A consortium of companies developing a removable hard disk system for consumer use called iVDR (Information Versatile Disk for Removable usage) plan to unveil a prototype 1.8 inch drive with a serial ATA interface for the first time at the Consumer Electronic Show (CES) in January.
The event, which takes place in Las Vegas, Nevada, will also be the first time the iVDR system has been shown outside of Japan.
At CES, three prototypes are expected to be showcased including a 2.5-inch iVDR disk with a parallel ATA interface, and a 2.5 and 1.8-inch iVDR drive with a faster and less costly serial ATA interface, said Toshiaki Hioki, a consortium representative from Sanyo Electric Co. Ltd. The drives will be shown at the booth of Hitachi Global Storage Technologies, the new hard disk drive company being established by Hitachi Ltd. after it acquired IBM Corp.'s hard disk unit in June.
Alongside the prototype disks, several devices supporting iVDR from other consortium members will be exhibited including a personal computer, a drive and a television.
The iVDR removable hard disk was proposed by eight electronics companies -- Canon Inc., Fujitsu Ltd., Hitachi, Phoenix Technologies KK, Pioneer Corp., Sanyo, Sharp Corp. and Victor Co. of Japan Ltd. (JVC) -- which formed a consortium in March. The consortium now consists of a total of 28 members, including hard disk drive makers Maxtor Corp. and Seagate Technology LLC, Hioki said.
By standardizing, promoting and licensing this new swappable removable hard disk system, the consortium members hope to solve two problems, said Hioki.
One is that as maximum hard disk drive capacity doubles each year, consumers need to keep buying new products to catch up with the latest drive technology.
The other is that since hard disk vendors keep adding more data capacity to their products, the price of the top-of-the-range hard disk drive does not change considerably meaning products, which often include the latest drives, also don't become much cheaper.
Since the establishment of the consortium in March this year, the members first developed the 2.5-inch iVDR drive and released basic specifications for hardware, a parallel ATA interface and file formats for the development of computer peripherals, Hioki said.
The consortium is now working on the establishment of specifications for the newer serial ATA interface for the 2.5-inch iVDR disk, and also, for the 1.8-inch iVDR disk. This smaller hard disk is expected to be adopted in applications like car navigation systems and audio players.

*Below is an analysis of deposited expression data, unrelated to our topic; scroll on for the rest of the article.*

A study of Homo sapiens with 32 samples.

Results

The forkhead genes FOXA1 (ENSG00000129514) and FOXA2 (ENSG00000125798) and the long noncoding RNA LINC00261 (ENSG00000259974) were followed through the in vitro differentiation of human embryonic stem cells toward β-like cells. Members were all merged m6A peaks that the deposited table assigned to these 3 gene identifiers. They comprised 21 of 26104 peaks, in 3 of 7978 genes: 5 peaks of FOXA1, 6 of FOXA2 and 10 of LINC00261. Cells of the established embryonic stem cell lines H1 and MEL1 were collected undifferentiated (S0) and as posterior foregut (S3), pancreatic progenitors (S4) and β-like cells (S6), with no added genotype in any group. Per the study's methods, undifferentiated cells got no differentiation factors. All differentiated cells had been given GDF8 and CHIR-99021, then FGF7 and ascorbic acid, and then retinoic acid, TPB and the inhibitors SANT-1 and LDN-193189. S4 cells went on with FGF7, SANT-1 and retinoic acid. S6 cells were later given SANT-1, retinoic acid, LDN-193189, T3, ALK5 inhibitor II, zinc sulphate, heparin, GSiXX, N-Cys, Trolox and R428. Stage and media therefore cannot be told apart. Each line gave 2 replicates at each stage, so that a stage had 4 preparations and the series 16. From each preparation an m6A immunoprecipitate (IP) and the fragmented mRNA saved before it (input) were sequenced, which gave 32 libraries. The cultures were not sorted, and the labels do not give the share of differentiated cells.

The serial ATA interface specifications for both sizes are expected to be released after they are approved by the consortium members at a general meeting in March next year.
Serial ATA offers some benefits over parallel ATA. It offers a data transmission speed of 150M bps (bits per second) and above compared to up to 100M bps for the parallel system. For equipment designers, it is also easier to work with because cables are simpler and it requires a lower voltage.
The 1.8-inch iVDR will be slightly thinner than a 2.5-inch iVDR disk, which measures 130 millimeters wide by 80 millimeters deep by 12.7 millimeters high. This will allow the 1.8-inch disk to be fitted into a 2.5-inch size slot with an adaptor, Hioki said.
Currently an iVDR disk can hold up to 80G bytes, which is expected to be doubled by the first quarter next year, and costs around ¥20,000 to ¥30,000 (US$166 to $249), Hioki said. "This price may be acceptable for a computer peripheral but not for consumer electronics," he said.
For consumer electronics, such as a video recorder, the consortium aims to reduce the disk price to be under ¥10,000, Hioki said.
"I hope we can attract many computer peripheral makers at CES, so that the iVDR system will start spreading and be used in personal computers first. This will reduce the price of the hard disk and eventually, will allow consumer electronics to be equipped with an iVDR slot," Hioki said.
One more hurdle to clear for iVDR in the use of consumer electronics is that of a copyright protection format. The consortium plans to approach the movie industry soon and hopes to complete the standardization of its copy protection code by March, next year, Hioki said.